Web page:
It appears likely that New York State lawmakers will extend and make permanent New York City’s rent-stabilization regime—and even authorize cities and towns statewide to adopt it. Tenant advocates have made clear how they will measure the success of the law, and Governor Cuomo has promised to sign it: smaller rent increases, an end to the reduction of regulated units, and new barriers to eviction. But an objective assessment of the new law’s effects requires answering some inconvenient questions.
Who benefits from rent regulation? Unless one believes that rent should, unlike any other good or service, always be priced below market rate, we should want to know the answer to this question. That means tracking the incomes of residents of rent-regulated units. If those incomes are consistently higher than a municipality’s median income, the argument that property owners should settle for less in rent is questionable. Logic and experience tell us that rent regulations create disadvantages for low-income people: if twice as many people look for apartments as there are available apartments, landlords will rent to those with the higher incomes.
What is rent regulation’s effect on housing supply? Rent regulation is a sword that hangs over any new building, even those not touched by it at present. (The law will affect only pre-1974 buildings of six units or more, as well those built with specific city tax abatements.) Still, will new construction continue, as measured by new building permits—or will owners of regulated buildings be deterred from major renovations, which may be needed?
How does rent regulation affect housing conditions? This question is especially relevant for lower-income neighborhoods, where many rents are regulated. Will small property owners continue to invest in maintenance and improvements? It’s important to track building permits in rent-regulated units and by community district to answer this question, lest New York see less gentrification and more “shabbification.” We have learned what happens when rents are too low to cover maintenance costs—the essential problem underlying New York’s public-housing deterioration.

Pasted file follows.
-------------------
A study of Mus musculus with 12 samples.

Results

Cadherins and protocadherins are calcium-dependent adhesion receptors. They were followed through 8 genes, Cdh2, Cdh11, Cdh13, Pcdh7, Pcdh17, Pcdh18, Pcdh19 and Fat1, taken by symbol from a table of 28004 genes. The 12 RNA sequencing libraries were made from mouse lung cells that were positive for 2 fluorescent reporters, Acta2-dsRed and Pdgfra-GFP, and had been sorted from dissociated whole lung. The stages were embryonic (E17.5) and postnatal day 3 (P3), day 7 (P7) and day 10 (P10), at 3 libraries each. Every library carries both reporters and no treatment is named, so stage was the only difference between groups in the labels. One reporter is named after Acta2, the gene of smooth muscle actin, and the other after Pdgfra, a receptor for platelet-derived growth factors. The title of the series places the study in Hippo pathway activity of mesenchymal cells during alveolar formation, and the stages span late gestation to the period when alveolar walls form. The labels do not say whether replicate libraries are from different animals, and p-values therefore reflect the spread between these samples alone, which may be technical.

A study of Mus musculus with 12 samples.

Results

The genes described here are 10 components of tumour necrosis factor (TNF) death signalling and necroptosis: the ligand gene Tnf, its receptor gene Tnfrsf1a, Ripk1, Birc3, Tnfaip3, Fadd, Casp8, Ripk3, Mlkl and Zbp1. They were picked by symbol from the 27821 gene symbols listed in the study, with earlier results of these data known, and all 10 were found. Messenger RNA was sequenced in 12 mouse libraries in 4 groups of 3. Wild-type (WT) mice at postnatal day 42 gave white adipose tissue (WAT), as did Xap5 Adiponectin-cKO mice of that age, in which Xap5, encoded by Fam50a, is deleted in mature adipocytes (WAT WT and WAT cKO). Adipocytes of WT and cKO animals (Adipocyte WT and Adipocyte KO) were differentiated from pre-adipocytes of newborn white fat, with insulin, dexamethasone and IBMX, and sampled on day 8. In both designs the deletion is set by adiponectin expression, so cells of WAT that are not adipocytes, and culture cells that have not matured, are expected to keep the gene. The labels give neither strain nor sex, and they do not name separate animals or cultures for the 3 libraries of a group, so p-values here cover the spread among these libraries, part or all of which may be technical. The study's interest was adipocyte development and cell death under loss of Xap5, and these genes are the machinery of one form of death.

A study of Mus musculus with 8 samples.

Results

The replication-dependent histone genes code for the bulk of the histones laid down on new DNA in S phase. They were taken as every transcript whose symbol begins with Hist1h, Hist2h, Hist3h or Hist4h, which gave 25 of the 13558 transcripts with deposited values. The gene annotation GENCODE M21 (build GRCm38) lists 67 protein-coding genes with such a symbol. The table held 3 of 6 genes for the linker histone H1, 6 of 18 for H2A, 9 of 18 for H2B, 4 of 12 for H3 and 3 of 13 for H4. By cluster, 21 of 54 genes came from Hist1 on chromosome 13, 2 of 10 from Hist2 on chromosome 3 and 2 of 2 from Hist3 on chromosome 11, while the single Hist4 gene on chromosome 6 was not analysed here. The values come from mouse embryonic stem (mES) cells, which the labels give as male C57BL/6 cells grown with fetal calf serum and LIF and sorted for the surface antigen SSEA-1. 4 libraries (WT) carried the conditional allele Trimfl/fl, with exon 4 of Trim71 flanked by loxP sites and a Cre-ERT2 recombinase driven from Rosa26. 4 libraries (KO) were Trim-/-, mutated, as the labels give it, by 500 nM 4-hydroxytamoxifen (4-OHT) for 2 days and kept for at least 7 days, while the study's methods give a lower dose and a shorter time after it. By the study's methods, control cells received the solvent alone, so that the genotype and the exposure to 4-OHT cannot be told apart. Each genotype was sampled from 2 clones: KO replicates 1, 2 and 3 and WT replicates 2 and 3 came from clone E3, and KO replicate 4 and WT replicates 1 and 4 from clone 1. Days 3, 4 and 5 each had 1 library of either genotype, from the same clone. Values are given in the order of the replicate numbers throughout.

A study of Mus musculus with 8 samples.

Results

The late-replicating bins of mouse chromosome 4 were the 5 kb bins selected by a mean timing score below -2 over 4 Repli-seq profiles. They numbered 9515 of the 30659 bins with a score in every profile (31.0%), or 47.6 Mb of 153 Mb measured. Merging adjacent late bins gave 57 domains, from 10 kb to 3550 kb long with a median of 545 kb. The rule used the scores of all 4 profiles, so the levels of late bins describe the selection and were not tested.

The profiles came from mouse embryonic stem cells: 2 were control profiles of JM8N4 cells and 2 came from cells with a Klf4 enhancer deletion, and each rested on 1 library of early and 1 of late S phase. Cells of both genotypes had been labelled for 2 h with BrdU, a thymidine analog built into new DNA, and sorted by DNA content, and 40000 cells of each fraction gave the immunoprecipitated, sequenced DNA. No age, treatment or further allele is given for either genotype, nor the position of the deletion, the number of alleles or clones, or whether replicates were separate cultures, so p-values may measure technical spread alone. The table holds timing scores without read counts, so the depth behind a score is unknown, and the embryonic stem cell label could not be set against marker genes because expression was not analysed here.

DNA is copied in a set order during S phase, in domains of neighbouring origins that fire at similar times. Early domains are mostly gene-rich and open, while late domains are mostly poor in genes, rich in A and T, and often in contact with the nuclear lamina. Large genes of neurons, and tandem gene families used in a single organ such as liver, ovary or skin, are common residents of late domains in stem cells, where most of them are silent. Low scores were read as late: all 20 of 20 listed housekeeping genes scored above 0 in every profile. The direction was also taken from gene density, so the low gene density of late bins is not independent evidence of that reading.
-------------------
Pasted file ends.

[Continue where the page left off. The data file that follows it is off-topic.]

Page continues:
How will the new law affect housing turnover? Advocates emphasize the importance of ensuring that tenants don’t get forced out of their apartments. But there’s a related concern: do rent-regulated tenants stay in units larger than they need, blocking young families from moving into or staying in the city? Housing turnover in New York is already low, by national standards. With the new law, turnover and “over-occupancy”—a measure of empty bedrooms in an apartment—should be regularly tracked.
What happens upstate? The new law’s sharpest departure—next to its permanence—is its extension of the authority to adopt such regulation to all cities and towns in New York State. Even if Buffalo, Utica, Rochester, and Syracuse don’t act on that authority immediately, the potential will be there, and it may discourage real-estate investment. In that context, it’s worth tracking how many building permits and certificates of occupancy are granted in cities across the state. If rents rise but new building or renovation doesn’t follow, it may be that the new law will have had a “signal effect,” dampening potential revival upstate.
Rent laws are typically motivated by concerns about the share of household income being paid in rent, or by rent increases in suddenly fashionable neighborhoods. But a host of other questions should be addressed, whether by state or city agencies. The new law is ostensibly “permanent”—not keyed to a specific percentage of vacant units, for instance—but that should not stand in the way of a deeper public understanding of its effects. Even in Albany, minds can change.